Caroline Tison


What’s in your blue bin?

Did you know that the Brits drink 165 million cups of tea a day?  This represents 370,000 tons of tea bags that end up in the wastelands each year – the most important source of waste ending up in the landfills in the UK.  This is what you call the power of volume.  You look at this tiny tea bag and don’t even think for a second before throwing it in the garbage.  But when millions do this each day, it adds up.

No, we are not in Britain, but we do throw a lot of stuff in the garbage and in the recycling bin.

If you are a Beaconsfield resident, where recycling trucks pick up on Thursdays, you most likely had 2 weeks worth of recycling by the time the New Year came around.  That December 27th snowstorm prevented the recycling trucks to go around that day and I can tell you that we were actually panicking.  Our large-size blue bin was full to the brim.  Where were we going to put all of the recycling stemming from the current week?   We couldn’t fit one more piece of paper in there! And the neighbor’s bins were also overflowing. 

It’s amazing how much space the toy packaging, gift bags, wrapping paper and ribbons took up (not to mention the usual weekly recycling)!  Is it really necessary for that Play-doh cookie-making kit to be in a self contained plastic cookie jar AND in a cardboard box?  Is it really necessary for that roaring dinosaur to be tied up in that box with 6 tie wraps secured by large flat plastic anchors behind the box’s second lining? And to think that just over 25 year ago, all of this was mostly going in the garbage, straight into the landfills.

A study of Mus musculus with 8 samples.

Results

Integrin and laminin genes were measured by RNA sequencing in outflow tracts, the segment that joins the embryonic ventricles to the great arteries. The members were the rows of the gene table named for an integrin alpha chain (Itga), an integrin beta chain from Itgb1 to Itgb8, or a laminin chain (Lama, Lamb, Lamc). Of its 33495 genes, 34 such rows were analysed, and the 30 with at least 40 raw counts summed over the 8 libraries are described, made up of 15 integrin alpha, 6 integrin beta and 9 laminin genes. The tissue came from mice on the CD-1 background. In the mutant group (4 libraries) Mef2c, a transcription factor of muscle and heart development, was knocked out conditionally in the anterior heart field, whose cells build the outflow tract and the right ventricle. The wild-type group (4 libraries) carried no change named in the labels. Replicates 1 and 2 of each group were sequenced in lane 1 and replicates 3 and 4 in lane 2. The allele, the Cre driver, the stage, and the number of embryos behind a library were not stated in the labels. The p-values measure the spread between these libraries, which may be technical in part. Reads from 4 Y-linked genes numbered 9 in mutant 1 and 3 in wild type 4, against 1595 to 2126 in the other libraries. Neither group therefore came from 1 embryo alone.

It’s great that we recycle more and more, and some of us are even composting.  But if producers and companies reduced their packaging at the source, it would be a good start.

Oh, and for that week’s worth of recycling that we accumulated between Christmas and New Year, we had to bring it over to my in-laws’ blue bin all the way down to N.D.G. 

Happy New Year: Reduce, Re-Use, Recycle.


  1. Tea bags as well as coffee grounds which can easily be extracted from k-cups but not tassimo cup (shame on them) does well in compost. Also my plants do well with residue of coffee group from my daily temp compost bin.